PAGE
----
Tuesday, March 30, 2010
EAST MONTPELIER, Vt. — Erica Zimmerman and her husband spent months pasture-raising pigs on their farm here, but when the time came to take them to slaughter, an overbooked facility canceled their appointment.
With the herd in prime condition, and the couple lacking food and space to keep them, they frantically called slaughterhouses throughout the state. After several days they found an opening, but their experience highlights a growing problem for small farmers here and across the nation: too few slaughterhouses to meet the growing demand for locally raised meat.
It's been an interesting year.
I have been completely distracted by my personal life during the past year or so. My partner of 32 years was unfaithful and we split in January of 2009. The first 6 months of 2009 were quite dark. The last 3 months of 2009 have been among the best of my life since meeting a new woman. The darkness pushed me into some interesting directions such as photography (I've become the house photographer for the local theatre) running,and some unintended adventures. Life can be quite the lesson.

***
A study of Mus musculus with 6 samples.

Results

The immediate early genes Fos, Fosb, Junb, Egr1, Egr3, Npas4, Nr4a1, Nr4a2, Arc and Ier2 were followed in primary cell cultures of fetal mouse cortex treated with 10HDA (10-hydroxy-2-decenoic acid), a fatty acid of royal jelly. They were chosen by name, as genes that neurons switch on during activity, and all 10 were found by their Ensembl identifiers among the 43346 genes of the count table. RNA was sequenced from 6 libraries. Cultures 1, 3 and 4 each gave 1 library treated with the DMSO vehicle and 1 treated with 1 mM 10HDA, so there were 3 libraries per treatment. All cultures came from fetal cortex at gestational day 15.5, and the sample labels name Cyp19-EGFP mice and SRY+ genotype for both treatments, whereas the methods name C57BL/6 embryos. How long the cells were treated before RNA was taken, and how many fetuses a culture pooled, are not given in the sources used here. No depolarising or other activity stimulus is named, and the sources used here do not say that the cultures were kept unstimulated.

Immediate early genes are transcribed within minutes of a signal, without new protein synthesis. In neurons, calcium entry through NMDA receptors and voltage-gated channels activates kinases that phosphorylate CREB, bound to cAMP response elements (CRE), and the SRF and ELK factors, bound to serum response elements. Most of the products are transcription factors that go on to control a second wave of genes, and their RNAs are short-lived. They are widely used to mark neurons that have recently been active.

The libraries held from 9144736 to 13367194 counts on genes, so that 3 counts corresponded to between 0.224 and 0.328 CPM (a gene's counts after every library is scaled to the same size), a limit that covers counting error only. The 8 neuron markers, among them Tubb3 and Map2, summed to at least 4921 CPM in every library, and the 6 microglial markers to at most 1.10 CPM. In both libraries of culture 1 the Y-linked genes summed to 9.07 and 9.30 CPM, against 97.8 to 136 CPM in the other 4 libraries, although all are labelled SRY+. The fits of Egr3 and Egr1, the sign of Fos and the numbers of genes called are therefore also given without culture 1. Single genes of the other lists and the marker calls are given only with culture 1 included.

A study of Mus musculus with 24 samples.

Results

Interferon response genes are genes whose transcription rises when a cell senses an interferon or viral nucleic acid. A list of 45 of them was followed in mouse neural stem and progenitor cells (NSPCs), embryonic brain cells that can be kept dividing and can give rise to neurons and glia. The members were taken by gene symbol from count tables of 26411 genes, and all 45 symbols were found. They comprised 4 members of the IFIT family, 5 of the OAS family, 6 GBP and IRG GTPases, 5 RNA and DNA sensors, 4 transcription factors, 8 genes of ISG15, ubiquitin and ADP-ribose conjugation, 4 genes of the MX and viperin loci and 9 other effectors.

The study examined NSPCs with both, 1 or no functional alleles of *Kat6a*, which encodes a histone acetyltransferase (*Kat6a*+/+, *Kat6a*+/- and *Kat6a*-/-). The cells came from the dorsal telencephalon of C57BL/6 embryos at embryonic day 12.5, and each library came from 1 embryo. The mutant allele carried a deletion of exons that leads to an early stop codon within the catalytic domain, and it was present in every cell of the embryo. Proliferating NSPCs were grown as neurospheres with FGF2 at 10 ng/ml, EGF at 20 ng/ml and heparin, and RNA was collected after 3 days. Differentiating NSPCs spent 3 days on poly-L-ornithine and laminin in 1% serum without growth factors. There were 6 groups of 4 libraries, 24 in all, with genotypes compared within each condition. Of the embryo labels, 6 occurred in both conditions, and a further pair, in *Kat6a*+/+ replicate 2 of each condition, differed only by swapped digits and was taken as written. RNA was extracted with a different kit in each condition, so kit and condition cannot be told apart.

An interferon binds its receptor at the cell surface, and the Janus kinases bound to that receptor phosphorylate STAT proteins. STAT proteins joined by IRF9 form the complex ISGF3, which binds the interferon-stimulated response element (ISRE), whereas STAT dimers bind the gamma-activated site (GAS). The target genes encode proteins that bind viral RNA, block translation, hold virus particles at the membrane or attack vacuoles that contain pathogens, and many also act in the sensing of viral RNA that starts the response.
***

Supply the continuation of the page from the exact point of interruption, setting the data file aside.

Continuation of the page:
I have pretty much neglected this blog as I have stepped back from interests in such worldly affairs. One can only keep their head in the sand for so long. I can't say that I regret terminating the local newspaper, firing the cable company, discharging netflix, and saying goodbye to Vonage. I have not become a recluse, however, I have removed much of the media clutter I suppose. Yoga has been a good trade I would say.
I started this blog in 2004; some things have changed. Who would have thought the corporate America would jump on the "green" bandwagon. It's everywhere you turn, some things with substance and some is just plain greenwash. Global economic contraction has delayed the wolves from the door as far as competition for energy. Perhaps it will buy us more time to "get it."
As for the future, lets surf the cosmic waves of insanity together and uncover a future worth living.
The gods must be furious.
It's the only explanation that makes sense to Jia Son, a Tibetan farmer surveying the catastrophe unfolding above his village in China's mountainous Yunnan Province. "We've upset the natural order," the devout, 52-year-old Buddhist says. "And now the gods are punishing us."